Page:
Culture Trip stands with
Black Lives Matter
Set over 10,192 square metres across five storeys, Macao Museum of Art is the city’s largest and most comprehensive public arts space. Delve into local history in the expansive collection of traditional Chinese arts – including exhibits of calligraphy, prints and ceramics, as well as renowned paintings by artists including George Chinnery, the esteemed 17th-century British painter who called Macau home. You’ll also find European landscapes and scenic works from the 18th century that depict Macau during its time as a Portuguese colony. In addition to the permanent collections, the free museum hosts a variety of temporary exhibitions throughout the year, featuring a wide variety of both Asian and international art.
This gem of a gallery was opened to help promote the cultural and creative industries in Macau. A lot of the art here also gives insight into the city’s local culture and heritage – for example, a recent exhibition of watercolour paintings by celebrated local artist Lio Man Cheong captured Macau’s world-beating firecracker industry in its heyday. The gallery is conveniently located in the heart of Taipa Village – one of the best-preserved areas in the city and a great spot to experience the architectural influences from China and Portugal, as well other cultural spots including excellent museums, restaurants and shops.
You only need to look down at the ground to see art in Macau. Portuguese cobblestone paving (known as calçada Portuguesa) can be seen all around the city and often features highly decorative designs. The wavy black and white mosaic design of Macau’s central Senado Sqaure is the notable spot, but the city’s cobblestone paving has developed in many different forms and shapes in recent years. The designs are now more expressive and have embraced various nautical motifs (to nod to Portugal’s maritime history) as well as Chinese patterns.
Blue-and-white wall tile displays (known as azulejos) can be spotted on walls around Macau and provide an artistic reminder of the city’s Portuguese heritage. These ceramic tiles were used to decorate buildings and public areas in Portugal and its colonies, and Macau was no exception. You can find one of the city’s most eye-catching tile displays in Cathedral Square. It was designed by painter George Chinnery and depicts Macau during the first half of the 19th century.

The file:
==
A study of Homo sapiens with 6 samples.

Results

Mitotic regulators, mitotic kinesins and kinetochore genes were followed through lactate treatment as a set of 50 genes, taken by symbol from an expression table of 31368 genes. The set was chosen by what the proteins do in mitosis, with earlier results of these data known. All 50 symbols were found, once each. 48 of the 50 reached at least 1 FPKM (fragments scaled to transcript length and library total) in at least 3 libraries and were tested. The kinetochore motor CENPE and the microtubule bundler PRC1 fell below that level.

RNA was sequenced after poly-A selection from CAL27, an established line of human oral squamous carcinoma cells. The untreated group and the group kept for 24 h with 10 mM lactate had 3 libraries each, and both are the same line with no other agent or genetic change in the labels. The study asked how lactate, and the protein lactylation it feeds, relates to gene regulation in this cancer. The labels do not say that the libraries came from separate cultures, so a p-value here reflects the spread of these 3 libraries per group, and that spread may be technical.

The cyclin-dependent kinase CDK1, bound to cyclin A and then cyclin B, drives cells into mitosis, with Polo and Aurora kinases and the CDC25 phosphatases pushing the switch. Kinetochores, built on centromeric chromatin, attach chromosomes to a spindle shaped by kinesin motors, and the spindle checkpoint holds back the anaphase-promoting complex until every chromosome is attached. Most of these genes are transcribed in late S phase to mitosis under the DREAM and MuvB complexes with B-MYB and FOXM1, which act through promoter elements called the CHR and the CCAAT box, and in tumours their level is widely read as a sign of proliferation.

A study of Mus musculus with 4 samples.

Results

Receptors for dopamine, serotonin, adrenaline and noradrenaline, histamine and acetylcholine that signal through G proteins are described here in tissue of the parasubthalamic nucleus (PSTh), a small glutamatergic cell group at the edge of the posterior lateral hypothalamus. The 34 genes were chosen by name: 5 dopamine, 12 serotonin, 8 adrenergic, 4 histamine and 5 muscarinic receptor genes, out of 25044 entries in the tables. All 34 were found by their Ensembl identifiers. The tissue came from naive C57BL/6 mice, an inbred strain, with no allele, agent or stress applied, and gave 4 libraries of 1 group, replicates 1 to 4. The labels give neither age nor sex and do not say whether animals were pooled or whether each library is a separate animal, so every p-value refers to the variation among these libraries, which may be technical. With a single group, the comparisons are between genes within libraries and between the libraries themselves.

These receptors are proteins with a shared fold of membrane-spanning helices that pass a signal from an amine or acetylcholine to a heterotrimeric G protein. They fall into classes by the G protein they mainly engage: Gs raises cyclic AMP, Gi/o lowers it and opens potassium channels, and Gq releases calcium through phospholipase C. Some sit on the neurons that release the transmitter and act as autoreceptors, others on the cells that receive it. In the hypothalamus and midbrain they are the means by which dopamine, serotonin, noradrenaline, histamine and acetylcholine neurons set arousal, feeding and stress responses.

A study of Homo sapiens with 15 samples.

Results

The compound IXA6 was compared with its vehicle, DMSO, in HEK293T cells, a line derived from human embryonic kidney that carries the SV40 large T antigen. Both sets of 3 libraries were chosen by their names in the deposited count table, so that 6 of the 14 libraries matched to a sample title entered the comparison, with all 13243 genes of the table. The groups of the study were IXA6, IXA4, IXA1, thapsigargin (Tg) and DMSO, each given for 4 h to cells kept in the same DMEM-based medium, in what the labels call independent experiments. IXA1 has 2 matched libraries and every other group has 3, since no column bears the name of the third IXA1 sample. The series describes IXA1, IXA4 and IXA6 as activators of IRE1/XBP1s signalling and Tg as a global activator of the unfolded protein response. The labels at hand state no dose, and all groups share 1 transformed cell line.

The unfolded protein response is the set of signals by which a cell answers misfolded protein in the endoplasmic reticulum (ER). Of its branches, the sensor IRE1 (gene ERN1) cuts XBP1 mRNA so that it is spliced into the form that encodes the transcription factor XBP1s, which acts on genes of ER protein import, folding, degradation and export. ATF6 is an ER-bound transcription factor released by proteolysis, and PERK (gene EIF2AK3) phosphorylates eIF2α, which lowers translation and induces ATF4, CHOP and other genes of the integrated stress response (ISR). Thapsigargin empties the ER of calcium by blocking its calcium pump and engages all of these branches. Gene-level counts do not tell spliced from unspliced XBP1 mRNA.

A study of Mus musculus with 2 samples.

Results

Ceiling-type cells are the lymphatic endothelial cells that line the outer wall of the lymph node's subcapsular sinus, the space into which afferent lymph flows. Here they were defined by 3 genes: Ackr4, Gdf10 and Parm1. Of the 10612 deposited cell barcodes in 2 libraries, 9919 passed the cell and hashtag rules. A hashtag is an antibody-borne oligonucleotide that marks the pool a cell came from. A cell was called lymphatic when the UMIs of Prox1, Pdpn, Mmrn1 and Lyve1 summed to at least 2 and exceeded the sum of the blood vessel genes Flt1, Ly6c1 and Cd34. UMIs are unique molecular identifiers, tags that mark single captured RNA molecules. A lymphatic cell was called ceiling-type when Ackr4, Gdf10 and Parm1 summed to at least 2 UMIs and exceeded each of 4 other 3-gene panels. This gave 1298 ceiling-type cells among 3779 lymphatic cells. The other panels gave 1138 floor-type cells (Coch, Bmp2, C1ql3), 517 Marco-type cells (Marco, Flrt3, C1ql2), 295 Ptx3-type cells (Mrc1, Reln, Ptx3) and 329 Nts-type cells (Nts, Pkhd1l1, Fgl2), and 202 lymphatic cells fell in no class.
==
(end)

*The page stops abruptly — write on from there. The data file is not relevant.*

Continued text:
This attractive waterfront area located next to Nam Van Lake is home to a riot of colour and creativity, courtesy of the graffiti street art murals that adorn the walls. Local artists are regularly invited to exhibit their work, so the work rotates and is updated regularly. Take a seat on one of the benches near the murals, and appreciate the skill of the city’s emerging street artists.
Many of Macau’s glitzy casinos have invested heavily in art and arguably double up as galleries. For those who want to look beyond the baccarat tables, you can go on your own art treasure hunt and uncover some real gems.
The lavish Wynn Palace hotel should be your first port of call to take in the bold, multi-million-dollar Jeff Koons Tulips sculpture. It’s also home to a pair of 18th-century Buccleuch vases from the Qing dynasty, and visually stunning floral sculptures by Preston Bailey.
You can’t miss the sculptures on display at MGM Macau by legendary Surrealist artist Salvador Dalí, either. The beautiful Alice in Wonderland sculpture cast in bronze welcomes visitors to the hotel. Elsewhere, a second Dalí sculpture, Dalian Dancer, sits in the hotel lobby under the Fiori di Paradiso ceiling of hand-blown glass flowers by American artist Dale Chihuly.
Meanwhile, over at Mandarin Oriental hotel, a beautiful sculpture by celebrated Chinese artist Li Xiaofeng takes pride of place in the hotel’s lift lobby. The artist famously uses pieces of discarded porcelain stitched together with wire to create beautiful ‘clothes’.
Inspired to visit Macau? Learn more at Macao Government Tourism.